The success of societies depends on people who remember history and understand human nature, as Guardian columnist Chris McGreal exhibits in writing about the latest confrontation between Gaza and Israel.
In an article published Friday, McGreal, who was a correspondent for The Guardian in Jerusalem beginning in 2002, introduces readers to Abu Nizar, a young Palestinian and member of the Al-Aqsa Martyrs Brigade in Beach Camp, Gaza. Unlike his middle-aged father, Nizar was shaped by a childhood and adolescence of virtually endless fighting. As a result, he has grown up to be more militant than his father. So has much of the rest of his generation.
“Abu Nizar has never met an Israeli who wasn’t carrying a gun,” McGreal tells us. “Unlike his father, who travelled across the Jewish state to work different jobs, the 24-year-old has not spent a day outside the Gaza Strip, other than a brief sortie into Egypt.” Nizar does not want to know Israelis. “He just wants them to go away. And he is willing to fight them to make that happen.”
To Nizar’s mind, “all” Israelis are “occupiers, an enemy.” His disposition toward them is a direct and effectively irresistible consequence of his experiences. “One of the results of years of conflict,” McGreal writes, “is a generation of young adults on both sides who rarely meet each other except at the point of a weapon. The humanising experiences of middle-aged Palestinians and Israelis who had contact in everyday situations—such as Palestinians working in Israel who often learned Hebrew, or Israelis taking cars for repair by Palestinian mechanics or shopping in Arab markets—faded away with two intifadas and an ever more brutal occupation.”
The crucial result is the creation of a generation of Palestinians who view Israelis as monsters, rather than human beings. Nizar and his friends have never met an Israeli outside of a confrontation. They grew up throwing stones at soldiers, and, as early as age 7, if they were caught out of their homes past curfew, they were sometimes beaten. Their neighborhoods had the feeling of “perpetual combat zones.” Many, if not most of them, knew people who have been killed. And the conditions haven’t changed. Nizar and his peers are now raising a generation of children shaped by the same terrifying forces. “... [U]nder periodic barrages of rockets and shells, and perpetual siege,” they develop “their own perceptions of Israelis as a dehumanised enemy.”
“We didn’t have a normal childhood at all,” Nizar told McGreal. “The Israelis created a whole generation that hates them. They are idiots. This last war has doubled, trebled the hatred from kids today. … My three-year-old is always asking me: why is this? What’s going on? Why are there rocket blasts? I tried to tell him what’s happening and now he hates Israel.”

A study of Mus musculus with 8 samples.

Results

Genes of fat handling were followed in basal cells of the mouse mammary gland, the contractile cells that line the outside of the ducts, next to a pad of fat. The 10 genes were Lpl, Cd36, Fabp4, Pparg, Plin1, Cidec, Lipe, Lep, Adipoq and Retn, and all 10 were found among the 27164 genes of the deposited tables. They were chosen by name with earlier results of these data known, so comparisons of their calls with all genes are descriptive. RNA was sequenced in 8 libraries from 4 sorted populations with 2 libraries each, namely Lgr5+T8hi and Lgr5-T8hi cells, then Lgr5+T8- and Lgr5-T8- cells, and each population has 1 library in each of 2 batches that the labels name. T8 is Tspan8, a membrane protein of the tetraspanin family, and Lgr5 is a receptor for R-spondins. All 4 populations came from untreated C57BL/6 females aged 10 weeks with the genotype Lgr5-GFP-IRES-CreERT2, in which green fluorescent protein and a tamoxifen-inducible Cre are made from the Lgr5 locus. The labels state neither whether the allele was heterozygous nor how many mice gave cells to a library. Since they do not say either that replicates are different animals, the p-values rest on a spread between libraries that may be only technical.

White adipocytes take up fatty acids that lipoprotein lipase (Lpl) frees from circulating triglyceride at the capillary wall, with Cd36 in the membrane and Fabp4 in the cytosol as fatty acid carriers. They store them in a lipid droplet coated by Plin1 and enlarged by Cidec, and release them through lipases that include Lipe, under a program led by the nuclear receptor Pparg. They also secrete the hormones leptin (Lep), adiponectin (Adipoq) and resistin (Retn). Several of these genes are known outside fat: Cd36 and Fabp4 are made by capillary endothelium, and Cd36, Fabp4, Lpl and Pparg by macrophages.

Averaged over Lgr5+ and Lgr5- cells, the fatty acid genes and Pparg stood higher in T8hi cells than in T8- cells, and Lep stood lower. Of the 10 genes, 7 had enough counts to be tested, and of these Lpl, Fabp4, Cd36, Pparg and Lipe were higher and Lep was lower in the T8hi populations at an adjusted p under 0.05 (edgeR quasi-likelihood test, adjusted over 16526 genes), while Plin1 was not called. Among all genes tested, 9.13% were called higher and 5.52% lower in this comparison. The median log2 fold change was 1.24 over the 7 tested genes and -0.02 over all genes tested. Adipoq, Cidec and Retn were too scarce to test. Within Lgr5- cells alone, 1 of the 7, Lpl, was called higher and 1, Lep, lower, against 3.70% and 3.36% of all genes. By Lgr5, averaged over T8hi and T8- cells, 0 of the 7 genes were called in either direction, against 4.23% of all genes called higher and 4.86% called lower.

Usama Freona, a psychologist at a United Nations clinic in the Palestinian city of Rafah, says that growing up under such hostile conditions does not merely engender endless fear and anger. Some of the earliest memories of boys like Nizar were of Israeli troops beating and in other ways humiliating their fathers, uncles and older brothers. Seeing their own family members helpless to resist the aggression, Palestinian boys often lose respect for men who would otherwise serve as role models. They admire those who fight back instead.
Is it any surprise that boys like Nizar grow up to join the resistance? That they so commonly do is doubly unfortunate, McGreal writes, because it reinforces the notion, prevalent among some Israelis, that Palestinians are directed by their parents, teachers and imams to hate and plot violence against Jews. This belief enables Israelis to feed the cycle of violence.
“Israelis often tell themselves that Palestinian children are brought up on their mother’s knees to despise Jews, and as they grow up the hatred is piled on in schools and mosques. Some of that is true some of the time, but it is also a convenience for Israelis to absolve themselves of responsibility for why each generation of Palestinians seems more militant and more violent.”
Israelis and Americans should understand the role their governments play in fueling the “cycle of aggression” that drives so many young Palestinians into lives of desperate, implacable hostility. As McGreal makes clear, hatred of other groups is learned through repeated confrontation and trauma. It is not, as many of our leaders seem to insist, inborn. For sharing that crucial insight with his readers, we honor Chris McGreal as our Truthdigger of the Week.
—Posted by Alexander Reed Kelly.
Palestinian boys play ball in Rafah in southern Gaza.